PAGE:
I can usually get through these things by more carefully defining the problem, then picking it apart piece by piece.
You mentioned getting overwhelmed by the client brief. As a freelancer, you should have been, at least, a co-writer of that brief. Potential problems really should have been identified there. Designing websites is a lot more difficult than, say, brochures or packaging, which are relatively straight-forward.
Designing websites, is more about structuring a complicated environment full of information in which the target audience can be guided toward some kind of positive outcome. That can be difficult unless you really think through the problem. And then, depending on the requirements of the site, there is the actual construction of the site, whether hand-coding it, using a WYSIWYG web builder or using a content management system with a bunch of add-ons. It’s complicated.
It doesn’t always work this way, but here’s how I like to approach a website design:
- Potential client expresses interest
- I look through their existing website (if they have one) before meeting the client
- I meet with client, listen to them and ask a lot of questions.
- Get a contract signed covering all my fees through the first part of the job, usually with an advance.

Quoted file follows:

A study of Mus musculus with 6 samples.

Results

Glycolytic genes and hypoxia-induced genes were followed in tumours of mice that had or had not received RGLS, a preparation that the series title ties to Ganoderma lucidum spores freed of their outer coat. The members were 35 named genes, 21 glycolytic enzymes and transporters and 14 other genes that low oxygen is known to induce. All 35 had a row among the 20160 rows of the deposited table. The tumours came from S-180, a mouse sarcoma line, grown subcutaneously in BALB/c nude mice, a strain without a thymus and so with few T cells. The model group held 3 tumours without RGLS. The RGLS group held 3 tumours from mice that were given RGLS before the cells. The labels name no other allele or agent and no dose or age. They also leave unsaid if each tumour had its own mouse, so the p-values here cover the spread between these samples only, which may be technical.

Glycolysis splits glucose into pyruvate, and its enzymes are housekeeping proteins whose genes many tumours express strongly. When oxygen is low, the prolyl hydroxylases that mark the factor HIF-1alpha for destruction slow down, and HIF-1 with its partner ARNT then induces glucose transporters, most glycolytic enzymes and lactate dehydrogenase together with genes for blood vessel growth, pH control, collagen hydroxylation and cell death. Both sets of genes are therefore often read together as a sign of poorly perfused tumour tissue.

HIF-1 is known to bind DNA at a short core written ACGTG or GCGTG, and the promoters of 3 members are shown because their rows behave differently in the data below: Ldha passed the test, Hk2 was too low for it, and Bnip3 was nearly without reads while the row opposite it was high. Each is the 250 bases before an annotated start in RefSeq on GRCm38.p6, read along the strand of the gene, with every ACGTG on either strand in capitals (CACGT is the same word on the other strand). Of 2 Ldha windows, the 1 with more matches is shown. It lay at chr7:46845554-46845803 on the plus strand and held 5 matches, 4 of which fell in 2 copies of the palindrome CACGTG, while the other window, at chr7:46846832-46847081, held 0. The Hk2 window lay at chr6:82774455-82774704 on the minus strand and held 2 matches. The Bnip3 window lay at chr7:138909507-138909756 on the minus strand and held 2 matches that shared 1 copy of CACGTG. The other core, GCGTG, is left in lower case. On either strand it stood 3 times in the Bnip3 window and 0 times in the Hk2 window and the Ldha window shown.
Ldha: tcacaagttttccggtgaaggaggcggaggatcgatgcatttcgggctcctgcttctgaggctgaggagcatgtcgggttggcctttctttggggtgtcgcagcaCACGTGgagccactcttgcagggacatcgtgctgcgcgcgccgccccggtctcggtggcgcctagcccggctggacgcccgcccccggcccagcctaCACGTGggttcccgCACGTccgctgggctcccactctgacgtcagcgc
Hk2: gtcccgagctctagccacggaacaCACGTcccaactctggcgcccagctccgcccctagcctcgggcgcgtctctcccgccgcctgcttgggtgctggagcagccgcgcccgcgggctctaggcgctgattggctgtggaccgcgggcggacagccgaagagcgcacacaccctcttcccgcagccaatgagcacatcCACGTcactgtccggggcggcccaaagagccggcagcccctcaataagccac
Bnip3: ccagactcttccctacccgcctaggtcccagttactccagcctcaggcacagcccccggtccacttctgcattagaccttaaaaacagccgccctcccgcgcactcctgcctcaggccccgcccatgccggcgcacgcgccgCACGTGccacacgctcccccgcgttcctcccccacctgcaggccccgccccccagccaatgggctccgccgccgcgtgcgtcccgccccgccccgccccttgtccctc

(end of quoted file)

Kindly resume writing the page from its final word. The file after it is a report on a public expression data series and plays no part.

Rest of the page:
- Dig deeply into their current site to understand the situation. Compare that with what I gathered from the initial client meeting.
- Meet again with the client regarding my observations, basic suggestions and making sure we’re all on the same page.
- Dig deeper into their site while thinking along conceptual lines of what needs to be fixed, redone, abandoned, added, etc. I’m also trying to accomplish what the client stated was the objective.
- I have a third meeting with the client where I discuss more detailed ideas, how to make the site more efficient, cost-effective, etc. This is also the meeting where I push back on what seem to be bad client suggestions and make sure that the client understands the problems and the costs associated with them.
- I write a detailed initial creative brief, then run it by the client for changes and, with some back-and-forth negotiation, get the client to sign off on the next phase of the project.
- Design wireframes and comps of important pages.
- Get the client to sign off on the basic design and structure of the site.
At this point, I know exactly what needs to be done. What needs to go in the site and how it will be done, whether it involves hiring a developer, buying CMS components, recoding templates, etc. From this point on, I might get frustrated with things that don’t work at planned or finding myself having to do additional research, but I’ve factored these inevitabilities into my fees and I know what needs to be done.
What I’m really saying here is that I break these things down into step-by-step tasks that can be tackled one at a time before moving on to the next step. This keeps things from becoming overwhelming and keeps me focused on the tasks at hand in an orderly way, It also provides the opportunity to think through the next step as I’m working on the current one, which means that when the next step comes, I’m all set to tackle it.
Like I said, it doesn’t always work this way, but I’ve found the more structured I can keep the process, the better it tends to go.